A Note on “Fairness”
“To Kill a Mockingbird” and children’s books that address fairness.
In Harper Lee’s To Kill a Mockingbird (1960), a young girl called “Scout” watches Atticus, her lawyer father, defend the wrongly accused black man Tom Robinson from the charge of rape. These events occur in a fictional small town in rural Alabama during the 1930’s and they end badly: Robinson is killed when he tries to escape jail. This immensely popular and Pulitzer-Prize-winning book ultimately shows Scout’s loss of childhood innocence as she recognizes her society’s pervasive racism.
This plot summary, I realize, may be entirely unnecessary. Many, many people know To Kill a Mockingbird because it is an almost universal reading choice in middle school or high school. Others know the story because of the beloved Academy-Award-winning film starring Gregory Peck. In recent times, however, this classic has been questioned.
Writing for the New York Times Book Review, the black author Roxane Gay has complained that the novel’s blacks are two dimensional and that Scout’s belated discovery of racism really reflects her white privilege. On top of that, the recent publication of Harper Lee’s Go Set a Watchman (2015), an earlier draft of Mockingbird, considerably tarnishes the reputation of Atticus because it shows that Scout’s father was originally conceived as a bigot in league with anti-segregationist forces. But to my mind, one of the most interesting comments to arise out of this controversy was a letter to the Times Book Review by Gene Kahane, a Los Angeles high school teacher and LGBTQ advocate:
Having taught “To Kill a Mockingbird” to thousands of kids, I can explain the significance of Harper Lee’s novel with this observation: It causes kids to cry out, “That’s not fair.” And from that simple comment comes all the power of literature and all the hope in the world.
Kids say that when they read “Roll of Thunder, Hear My Cry,” “Maus” and “Two Boys Kissing,” and when they hear about children being separated from their parents at the border. At the core of Scout’s story is her harsh discovery of unfairness: Tom Robinson is falsely arrested, unfairly tried, unfairly convicted and then killed. Recognizing unfairness is the engine for empathy and activism, and literature — the great window and mirror — is where it starts for so many of us.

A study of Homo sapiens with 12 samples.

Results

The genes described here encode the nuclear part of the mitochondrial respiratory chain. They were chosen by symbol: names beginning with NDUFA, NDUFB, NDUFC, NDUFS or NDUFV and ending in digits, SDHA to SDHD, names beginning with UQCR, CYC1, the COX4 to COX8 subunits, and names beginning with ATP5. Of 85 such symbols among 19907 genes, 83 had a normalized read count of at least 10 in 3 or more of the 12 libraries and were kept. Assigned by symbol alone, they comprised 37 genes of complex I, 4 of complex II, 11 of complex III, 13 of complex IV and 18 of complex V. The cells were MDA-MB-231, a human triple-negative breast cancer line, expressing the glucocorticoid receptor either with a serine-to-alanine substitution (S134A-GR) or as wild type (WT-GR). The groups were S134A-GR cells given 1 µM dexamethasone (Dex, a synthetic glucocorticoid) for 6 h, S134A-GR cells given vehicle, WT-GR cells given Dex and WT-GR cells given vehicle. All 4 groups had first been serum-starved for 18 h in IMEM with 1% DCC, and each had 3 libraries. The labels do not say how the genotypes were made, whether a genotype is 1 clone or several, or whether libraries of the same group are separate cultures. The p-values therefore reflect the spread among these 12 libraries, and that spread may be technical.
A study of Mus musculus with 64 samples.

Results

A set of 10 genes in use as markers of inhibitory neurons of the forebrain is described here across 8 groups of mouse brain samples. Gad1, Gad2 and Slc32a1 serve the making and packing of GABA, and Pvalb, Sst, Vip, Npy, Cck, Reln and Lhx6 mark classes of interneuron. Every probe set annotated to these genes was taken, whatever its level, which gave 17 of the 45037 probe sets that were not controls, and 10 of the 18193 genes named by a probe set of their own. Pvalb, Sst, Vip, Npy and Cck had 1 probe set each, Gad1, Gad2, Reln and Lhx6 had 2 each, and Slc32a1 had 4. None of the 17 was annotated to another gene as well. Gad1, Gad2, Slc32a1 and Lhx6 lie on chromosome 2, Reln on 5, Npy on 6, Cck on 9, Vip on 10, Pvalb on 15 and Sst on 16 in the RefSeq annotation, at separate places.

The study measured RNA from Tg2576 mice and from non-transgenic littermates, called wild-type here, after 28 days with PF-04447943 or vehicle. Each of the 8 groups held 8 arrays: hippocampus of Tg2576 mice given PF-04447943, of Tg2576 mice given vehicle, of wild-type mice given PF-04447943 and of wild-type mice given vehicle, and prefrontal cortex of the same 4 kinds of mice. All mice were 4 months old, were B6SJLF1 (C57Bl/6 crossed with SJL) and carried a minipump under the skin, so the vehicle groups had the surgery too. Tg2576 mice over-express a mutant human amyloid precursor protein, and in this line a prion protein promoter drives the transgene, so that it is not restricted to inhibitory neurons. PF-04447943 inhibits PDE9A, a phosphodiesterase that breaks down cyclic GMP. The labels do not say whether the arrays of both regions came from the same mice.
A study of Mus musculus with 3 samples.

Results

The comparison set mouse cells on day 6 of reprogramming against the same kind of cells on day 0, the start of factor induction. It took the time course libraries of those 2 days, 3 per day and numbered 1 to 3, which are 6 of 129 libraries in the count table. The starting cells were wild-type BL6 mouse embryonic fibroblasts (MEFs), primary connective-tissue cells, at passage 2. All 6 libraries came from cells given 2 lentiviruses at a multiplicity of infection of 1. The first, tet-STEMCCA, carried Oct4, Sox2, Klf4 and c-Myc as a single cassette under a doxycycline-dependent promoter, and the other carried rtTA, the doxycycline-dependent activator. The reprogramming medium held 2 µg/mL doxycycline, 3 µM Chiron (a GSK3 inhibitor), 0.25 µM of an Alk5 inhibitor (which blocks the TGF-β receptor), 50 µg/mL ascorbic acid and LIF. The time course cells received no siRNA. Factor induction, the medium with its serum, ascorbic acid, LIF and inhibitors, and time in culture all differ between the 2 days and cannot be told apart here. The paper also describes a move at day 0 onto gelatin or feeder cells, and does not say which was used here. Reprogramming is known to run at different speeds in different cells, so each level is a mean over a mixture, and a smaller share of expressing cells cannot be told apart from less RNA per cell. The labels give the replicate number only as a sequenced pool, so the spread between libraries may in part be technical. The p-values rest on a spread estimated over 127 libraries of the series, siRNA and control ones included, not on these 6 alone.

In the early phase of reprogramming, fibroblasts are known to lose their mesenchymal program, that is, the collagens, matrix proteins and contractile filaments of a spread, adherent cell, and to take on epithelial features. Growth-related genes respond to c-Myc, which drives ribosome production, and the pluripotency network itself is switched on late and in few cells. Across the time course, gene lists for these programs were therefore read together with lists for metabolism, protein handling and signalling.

While jaded adults may find the concept naive, Fairness seems to be a native notion in childhood. Reporting on their years of studies in Scientific American, researchers have shown how the very young (no matter what culture they come from) have an innate sense of justice and–in a classic experiment involving the distribution of candy–will not tolerate the disadvantaging of others.
This concept of “Fairness” can also serve as a useful tool in examining children’s stories. Take the small moment in Mark Twain’s The Adventures of Tom Sawyer when the townspeople discover that the three boys they thought were drowned are actually alive. Aunt Polly swoops up her nephew Tom and smothers him with kisses. Joe Harper’s family pours out their thanksgivings. But no one is there for Huck Finn and, abashed, he tries to slink away. This causes Tom to explode:
“Aunt Polly, it ain’t fair. Somebody’s got to be glad to see Huck.”
And, indeed, Aunt Polly soon remedies that situation, lavishing attention on Huck and “making him more uncomfortable than he was before.”
This small episode can serve as a hint of what might be found by the scholar or enthusiast who goes on a scavenger hunt for Fairness in the fields of children’s literature–finding it not only To Kill a Mockingbird but in the other works Gene Kahane mentions in his letter. Or in The Diary of Anne Frank. Or the stories of Kipling and Dickens. And “fairness” may ultimately explain what motivates a boy, against his own interests, to help an escaped slave in Adventures of Huckleberry Finn.
In fact, such a venture may be already launched. In a call for research papers for their June 2019 convention, the Children’s Literature Association asks researchers to consider how children’s stories cultivate empathy and what that leads to. What these literature specialists may find is what childhood scientists have already discovered: an early and biological sense of Fairness.